Whale foundation joins research of humpback sighting drop-off
The Maui News
The Pacific Whale Foundation is collaborating with the UH-Manoa Marine Mammal Research Program on a study focusing on the reasons for the decline in humpback whale sightings.
Since the delisting of the Hawaii humpback whale population from the Endangered Species List in 2016, the sighting rates of humpbacks in the state and southeast Alaska have dropped, the Pacific Whale Foundation said earlier this week.
“There is currently a lack of understanding of why humpback whale sighting rates have reduced,” the whale foundation said in its news release. “This project will contribute to efforts investigating the possible causes of this recent trend.”
The focus of the study will be on changes in body condition and animal health and particularly on quantifying the bioenergetic demands of humpbacks migrating between Alaskan foraging grounds and Hawaiian breeding grounds, the whale foundation said.
“The cost of migrating is a key parameter in determining a species’ life history strategy and may provide insight into a potential shift in life history strategy that could contribute to an increased understanding of the recent trends,” the whale foundation said.
Joining the whale foundation in assisting the UH-Manoa Marine Mammal Research Program are University of Hawaii-Hilo, University of Alaska Fairbanks and the Alaska Whale Foundation. The Pacific Whale Foundation’s role includes sharing its photo identification catalog that dates back to 1981, assisting with field sampling efforts and developing long-term datasets and analysis.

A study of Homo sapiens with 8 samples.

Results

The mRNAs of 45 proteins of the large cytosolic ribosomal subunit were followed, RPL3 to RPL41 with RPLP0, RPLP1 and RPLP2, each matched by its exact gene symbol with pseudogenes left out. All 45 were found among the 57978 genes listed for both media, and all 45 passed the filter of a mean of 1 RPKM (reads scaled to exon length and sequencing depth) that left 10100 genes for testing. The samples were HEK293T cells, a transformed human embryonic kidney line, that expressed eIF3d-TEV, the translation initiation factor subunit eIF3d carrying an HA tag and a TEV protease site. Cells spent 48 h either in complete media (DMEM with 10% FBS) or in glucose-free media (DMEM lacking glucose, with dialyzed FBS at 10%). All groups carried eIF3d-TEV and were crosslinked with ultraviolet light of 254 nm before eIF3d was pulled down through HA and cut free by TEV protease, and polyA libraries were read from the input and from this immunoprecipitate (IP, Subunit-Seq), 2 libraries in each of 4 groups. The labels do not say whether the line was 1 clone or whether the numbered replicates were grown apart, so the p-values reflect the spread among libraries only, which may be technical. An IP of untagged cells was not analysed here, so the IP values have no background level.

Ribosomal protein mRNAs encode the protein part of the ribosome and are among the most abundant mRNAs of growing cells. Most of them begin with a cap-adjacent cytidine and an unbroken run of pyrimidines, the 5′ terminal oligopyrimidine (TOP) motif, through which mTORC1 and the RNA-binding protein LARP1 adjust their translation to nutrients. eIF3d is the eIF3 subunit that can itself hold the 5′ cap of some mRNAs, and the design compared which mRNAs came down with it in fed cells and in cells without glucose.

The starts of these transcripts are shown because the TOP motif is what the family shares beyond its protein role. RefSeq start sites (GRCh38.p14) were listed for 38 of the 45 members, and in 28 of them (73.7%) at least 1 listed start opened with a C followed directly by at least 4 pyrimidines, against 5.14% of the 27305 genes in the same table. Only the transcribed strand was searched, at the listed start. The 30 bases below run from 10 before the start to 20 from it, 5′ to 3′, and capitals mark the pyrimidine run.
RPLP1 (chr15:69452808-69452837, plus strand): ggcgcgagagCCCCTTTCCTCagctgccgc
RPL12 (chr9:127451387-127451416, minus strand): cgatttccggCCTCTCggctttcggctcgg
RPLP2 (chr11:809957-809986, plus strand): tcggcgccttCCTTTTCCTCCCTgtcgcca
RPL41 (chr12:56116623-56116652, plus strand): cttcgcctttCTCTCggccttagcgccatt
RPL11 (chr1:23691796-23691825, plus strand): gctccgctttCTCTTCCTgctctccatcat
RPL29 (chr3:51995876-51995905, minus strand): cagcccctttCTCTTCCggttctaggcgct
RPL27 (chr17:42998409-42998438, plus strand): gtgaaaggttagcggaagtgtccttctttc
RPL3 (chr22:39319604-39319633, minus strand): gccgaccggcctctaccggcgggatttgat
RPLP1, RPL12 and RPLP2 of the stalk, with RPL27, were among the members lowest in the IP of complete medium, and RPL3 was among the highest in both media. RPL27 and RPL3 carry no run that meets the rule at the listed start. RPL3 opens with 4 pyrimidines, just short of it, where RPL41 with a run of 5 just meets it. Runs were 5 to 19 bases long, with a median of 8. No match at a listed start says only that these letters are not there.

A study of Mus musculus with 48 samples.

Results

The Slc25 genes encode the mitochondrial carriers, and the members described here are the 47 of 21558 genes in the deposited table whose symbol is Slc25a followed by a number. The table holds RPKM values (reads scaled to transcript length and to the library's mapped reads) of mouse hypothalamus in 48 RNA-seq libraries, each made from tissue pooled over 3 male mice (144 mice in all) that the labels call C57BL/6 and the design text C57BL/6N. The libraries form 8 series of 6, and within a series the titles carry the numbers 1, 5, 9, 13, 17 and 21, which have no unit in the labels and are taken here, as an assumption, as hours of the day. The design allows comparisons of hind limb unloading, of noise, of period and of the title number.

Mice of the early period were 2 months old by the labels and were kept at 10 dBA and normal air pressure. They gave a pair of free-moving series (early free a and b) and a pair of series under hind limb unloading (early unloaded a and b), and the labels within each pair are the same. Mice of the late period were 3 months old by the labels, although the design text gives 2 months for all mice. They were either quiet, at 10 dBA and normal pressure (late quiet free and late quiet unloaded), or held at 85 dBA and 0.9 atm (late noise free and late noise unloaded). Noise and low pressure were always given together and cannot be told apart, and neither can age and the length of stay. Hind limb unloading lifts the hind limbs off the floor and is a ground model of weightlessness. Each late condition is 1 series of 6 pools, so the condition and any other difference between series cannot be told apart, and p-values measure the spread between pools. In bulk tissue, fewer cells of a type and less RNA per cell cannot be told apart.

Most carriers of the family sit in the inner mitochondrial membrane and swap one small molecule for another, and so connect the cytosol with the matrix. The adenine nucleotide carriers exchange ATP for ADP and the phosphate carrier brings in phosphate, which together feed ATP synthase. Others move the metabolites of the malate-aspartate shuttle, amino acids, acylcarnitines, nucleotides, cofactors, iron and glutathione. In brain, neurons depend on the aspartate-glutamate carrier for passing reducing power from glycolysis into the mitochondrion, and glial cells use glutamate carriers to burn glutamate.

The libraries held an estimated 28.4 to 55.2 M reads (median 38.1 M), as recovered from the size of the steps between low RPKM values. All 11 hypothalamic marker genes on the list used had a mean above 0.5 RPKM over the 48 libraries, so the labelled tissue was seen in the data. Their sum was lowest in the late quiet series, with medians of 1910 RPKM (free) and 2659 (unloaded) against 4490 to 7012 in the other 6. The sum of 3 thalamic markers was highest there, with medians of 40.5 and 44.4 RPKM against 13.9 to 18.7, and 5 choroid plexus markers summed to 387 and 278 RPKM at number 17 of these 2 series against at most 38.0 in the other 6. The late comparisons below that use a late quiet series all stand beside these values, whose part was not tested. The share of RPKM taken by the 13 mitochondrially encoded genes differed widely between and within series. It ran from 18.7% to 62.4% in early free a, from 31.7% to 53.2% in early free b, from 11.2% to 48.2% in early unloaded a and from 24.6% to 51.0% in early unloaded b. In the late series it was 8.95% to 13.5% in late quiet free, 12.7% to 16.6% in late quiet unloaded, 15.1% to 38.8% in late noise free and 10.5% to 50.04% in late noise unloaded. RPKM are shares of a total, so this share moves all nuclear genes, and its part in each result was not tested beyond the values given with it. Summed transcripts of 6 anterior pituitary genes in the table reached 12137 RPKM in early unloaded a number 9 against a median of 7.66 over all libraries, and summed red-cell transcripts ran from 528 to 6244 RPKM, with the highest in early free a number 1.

In January, Ultimate Whale Watch on Maui hosted researchers for 10 days on its vessel. The researchers completed 243 drone flights within the Hawaiian Islands Humpback Whale National Marine Sanctuary over 17 days with 150 humpback whales measured per month. This included adults and sub-adults as well as single individuals, mother-calf-escort groups and competitive male groups, the whale foundation said.
Dr. Adam Pack, a UH-Hilo professor, joined the whale foundation and UH-Manoa teams for tissue sampling using drone measurements, biopsy samples and photo-identification to study humpbacks body condition, steroid hormones, lipid content and stable isotopes, the whale foundation reported. Over a three-day period, the team managed to biopsy sample about 20 humpbacks.
The research in Hawaiian waters has ended for the season with the focus shifting to foraging grounds of southeast Alaska, said UH researchers. The team will return to Maui from January to March next year.